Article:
Sometimes teams need something solid, something real to discuss. I have seen and participated in a fair amount of, what felt like, endless conversations about values. I’ve seen teams struggle with implementing a coding standard. Even things as simple as deciding whether to choose spaces over tabs as spacing or where to put the curly braces. Everyone knows they belong on the same line, not on the line below. Correct?! Yeah, I thought so.

Discussing values

Does it help starting discussing values at a point when there is little or no trust present in a team. Maybe. Maybe not. I’ve seen that fail and I’ve seen it work to some extent in certain cases. One thing is for certain however. Building trust takes time. Otherwise it wouldn’t have been called building trust. It would have been called adding trust, buying trust or both. That would have been a sight. Imagine someone standing up during a meeting, proclaiming to the group: ‘I know what’s missing here, TRUST, I’ll just buy some and then we’ll add it … I’ll be back in a jiffy’. Only to sprint out of the room and then return after 30 minutes with ‘Canned Trust (TM)’.

Something to build upon

In the beginning of a relation between people I find it easy to discuss ‘hard facts’. Like, where to put the curly braces or when to check in code. I can even do more philosophical discussions as well. While others want to do either or. I like the idea of going back and forth in discussions, between values and practice. I believe most of us evolve ideas and learn in that fashion. Going back and forth between thinking and trying the thoughts out.

Enter ‘Working Agreements’

The Working Agreements of a team is the manifesto of its principles and intentions. Working agreements are also a basis for discussions and will thus evolve over time. Below is an excerpt of the working agreements from a team I spent some time with. The top most two are sort of meta agreements.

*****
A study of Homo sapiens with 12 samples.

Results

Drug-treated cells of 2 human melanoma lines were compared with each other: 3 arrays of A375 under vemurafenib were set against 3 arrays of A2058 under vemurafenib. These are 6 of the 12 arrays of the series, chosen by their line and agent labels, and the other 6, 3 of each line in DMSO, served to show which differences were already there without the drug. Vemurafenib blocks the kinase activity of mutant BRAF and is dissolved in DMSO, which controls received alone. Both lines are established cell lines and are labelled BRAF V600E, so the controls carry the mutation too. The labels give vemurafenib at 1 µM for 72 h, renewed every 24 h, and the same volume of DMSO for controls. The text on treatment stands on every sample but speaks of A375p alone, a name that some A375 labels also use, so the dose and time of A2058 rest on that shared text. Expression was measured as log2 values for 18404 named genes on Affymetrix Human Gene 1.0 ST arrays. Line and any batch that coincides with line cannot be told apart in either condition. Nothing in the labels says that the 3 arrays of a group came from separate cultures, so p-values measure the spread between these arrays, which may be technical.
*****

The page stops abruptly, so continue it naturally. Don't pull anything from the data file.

• Everyone agrees about these working agreements
  • Anyone can remove an agreement at any time
  • When checking in code we use a check-in token.
  • We do our best to document our code with JavaDoc
Very simple example of working agreements

Very simple example of working agreements

This is just voodoo-nonsense

I see ‘Working agreements’ as a way to start discussing. I’d be surprised if anyone, in any team could put up a list of 5-7 ways of how the work works without getting into a discussion. Now, that is a good sign. Discussions and conflict is a sign of a healthy team in my opinion. That isn’t what I’m getting at though. Working agreements can be used to improve the relations between team members in teams that aren’t agreeing or are struggling with trust and need something ‘real’ to talk about.

OK, How do I begin

You could start a discussion over lunch. Usually a time when people are able to listen more carefully to what you are saying. With questions like the ones below you can arrive at things people agree upon.

  • Say something that is really important for us to do each day?
  • What can’t we do without in our code base?
  • I would sure like to be able to check in more often, how do I do that?

The next step, which is rather important, is to write the agreements down in a place where they can be easily seen by everyone. And ‘edited’. A flipchart or a whiteboard would work equally well. It is important that it’s visible so one is reminded of the agreements. And the fact that someone writes them down, by hand, also adds to the feeling of owning them. More so than printing them out on a printer.

Bringing in new team members

When new members join the team you get a natural discussion around the agreements. Questions like ‘What’s that … working agreements … ‘ have to be answered and new views are added to how the work works. I think ‘Working agreements’ is worth a try if you are struggling in any way with relations and trust in your team. I would like to add that this isn’t limited to software teams, it will work within any team in any organization.

Conclusion

Even if you think you have the best team ever, I believe that you will not be able to create a list of 10 different things that everybody agrees upon without any discussions arising. And that is my point. Every team will benefit from the actions and conversations that arise when you are trying to create your own ‘Team Working Agreements’.

Good luck and please tell me about your own experiences.


Agile Coach, Systems developer, Agile Practitioner and father of three.

2 responses »

  1. Jocke Holm says:

    Nice post, Ola! It was a coincidence, but my team had a nice starting discussion about pair programming the same week this post came out. So I can just add to your insights that it is fine to start with some theme within all possible agreements that a team may have. Like you say, it takes trust to do it, and in the beginning it may be easier just to focus on one practice or aspect of teamwork. Cheers!

  2. Ola Ellnestam says:

    Thank you!

    I have never thought about themed working agreements. Brilliant! I’ll keep that in mind.